The school was first founded on Siesta Key in 1924.
Imagine a school where marine studies was part of the curriculum, and recreation time was spent swimming in the Gulf of Mexico.
That was Siesta Key’s Out-of-Door Academy 95 years ago. At least, that’s what school historian Elizabeth Mahler told Out-of-Door’s lower campus Jan. 27, the 95th day of the school year.
In 1924, the school’s founders, former Red Cross nurses Fanneal Harrison and Catherine Gavin, established a vision for the school based on the idea that fresh air and studying the arts would lead to a higher level of academics.
The first crop of students to test the curriculum of the second oldest private school in Florida was composed of 10 boarding school students who called the more than 20-acre campus home.
In 1977, after the school had changed ownership, and portions of the campus were sold, a group of 120 families bonded together to purchase the property and turn it into a 501(c)(3) nonprofit.
Now, ODA serves more than 740 students on two campuses and has implemented new strategies to help students’ success, but it still keeps its eye on the founders mission, Head of Schools David Mahler said.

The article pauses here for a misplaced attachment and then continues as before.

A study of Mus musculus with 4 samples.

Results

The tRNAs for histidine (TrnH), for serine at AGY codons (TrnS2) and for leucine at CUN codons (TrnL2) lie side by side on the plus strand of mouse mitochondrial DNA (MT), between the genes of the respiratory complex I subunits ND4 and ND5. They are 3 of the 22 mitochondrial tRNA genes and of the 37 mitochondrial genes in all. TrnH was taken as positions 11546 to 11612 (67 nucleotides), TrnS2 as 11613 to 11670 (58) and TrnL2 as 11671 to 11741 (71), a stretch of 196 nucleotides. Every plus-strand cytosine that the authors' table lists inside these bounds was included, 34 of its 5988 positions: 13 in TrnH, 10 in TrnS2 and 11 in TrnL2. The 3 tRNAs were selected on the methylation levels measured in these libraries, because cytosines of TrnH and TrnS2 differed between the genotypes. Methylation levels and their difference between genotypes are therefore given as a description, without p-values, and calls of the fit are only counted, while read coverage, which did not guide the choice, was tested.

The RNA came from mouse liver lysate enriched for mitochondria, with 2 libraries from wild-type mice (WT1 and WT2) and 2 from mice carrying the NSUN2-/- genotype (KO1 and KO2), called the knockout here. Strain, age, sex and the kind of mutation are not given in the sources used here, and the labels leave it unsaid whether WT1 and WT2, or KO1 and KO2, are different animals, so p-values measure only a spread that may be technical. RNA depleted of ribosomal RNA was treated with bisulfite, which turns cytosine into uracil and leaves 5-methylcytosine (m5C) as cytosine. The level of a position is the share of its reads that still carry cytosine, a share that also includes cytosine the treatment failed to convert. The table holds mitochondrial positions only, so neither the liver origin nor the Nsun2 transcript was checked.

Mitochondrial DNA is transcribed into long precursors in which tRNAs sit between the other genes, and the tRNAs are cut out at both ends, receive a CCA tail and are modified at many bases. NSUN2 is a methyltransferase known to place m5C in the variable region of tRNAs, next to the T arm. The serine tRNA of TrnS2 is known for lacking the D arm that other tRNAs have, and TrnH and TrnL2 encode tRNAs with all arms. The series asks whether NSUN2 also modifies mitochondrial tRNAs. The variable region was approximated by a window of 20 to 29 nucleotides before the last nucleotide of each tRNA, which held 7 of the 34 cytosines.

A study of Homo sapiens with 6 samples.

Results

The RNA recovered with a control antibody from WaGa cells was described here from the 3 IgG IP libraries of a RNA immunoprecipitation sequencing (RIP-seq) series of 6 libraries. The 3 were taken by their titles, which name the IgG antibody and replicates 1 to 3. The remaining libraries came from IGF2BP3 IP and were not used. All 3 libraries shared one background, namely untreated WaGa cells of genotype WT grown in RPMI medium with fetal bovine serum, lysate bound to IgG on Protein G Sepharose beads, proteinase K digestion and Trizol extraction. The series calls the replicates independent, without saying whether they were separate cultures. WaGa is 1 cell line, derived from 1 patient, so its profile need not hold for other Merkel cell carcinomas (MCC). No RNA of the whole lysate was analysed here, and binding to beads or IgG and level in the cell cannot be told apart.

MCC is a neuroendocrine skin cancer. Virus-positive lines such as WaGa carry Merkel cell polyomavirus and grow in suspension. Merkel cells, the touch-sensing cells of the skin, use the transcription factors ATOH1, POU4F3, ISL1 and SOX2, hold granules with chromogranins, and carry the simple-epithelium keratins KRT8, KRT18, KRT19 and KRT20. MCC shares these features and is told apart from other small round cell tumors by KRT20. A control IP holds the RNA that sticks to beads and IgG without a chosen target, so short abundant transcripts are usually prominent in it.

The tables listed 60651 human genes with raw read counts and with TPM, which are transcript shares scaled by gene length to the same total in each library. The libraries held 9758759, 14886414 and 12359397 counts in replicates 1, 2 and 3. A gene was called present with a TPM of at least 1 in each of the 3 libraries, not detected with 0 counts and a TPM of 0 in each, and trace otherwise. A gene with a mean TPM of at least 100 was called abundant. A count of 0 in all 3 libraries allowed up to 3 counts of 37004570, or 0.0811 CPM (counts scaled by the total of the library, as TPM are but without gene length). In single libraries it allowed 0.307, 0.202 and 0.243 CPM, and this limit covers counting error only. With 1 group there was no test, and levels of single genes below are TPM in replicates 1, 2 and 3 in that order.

“Particularly in Florida, 95 years is an amazing legacy on the Gulf Coast,” David Mahler said. “The fact that many of the original buildings are still part of our Siesta Key campus, the students interact with them and are able to trace the history all the way back to the origins of our school — it’s a pretty unique opportunity for us.”
Students celebrated the day with a history assemble led by Elizabeth Mahler, a sugar cookie snack and a tour through the campus’s cabin from the original school, as well as by ringing the campus bell 95 times.
Third grade student Trudo Letschert said he enjoyed celebrating the history because his family has attended the school for years. His father and uncle both went to the school, and now he, his brother and cousins attend the lower campus.
“I really have a family relationship with the school,” Letschert said. “All my family has gone here, and they’ve learned so much, and I plan on going here until I graduate because I’m learning so much.”
Elizabeth Mahler said learning is something students continue both with new material and also by looking at the school’s past.
“I think it’s really important for people to know that they’re part of something bigger, that they’re part of an institution that has educated 95 years worth of students,” she said.
That legacy continues with students like fifth grader Madeleine Conger, who also plans to graduate from the school.
“Everyone is so nice here, and it has a really good education,” Conger said. “And the teachers are really great at explaining things. They make it interactive, and it’s not boring. To know that I’ll be here for the 100th year is pretty cool.”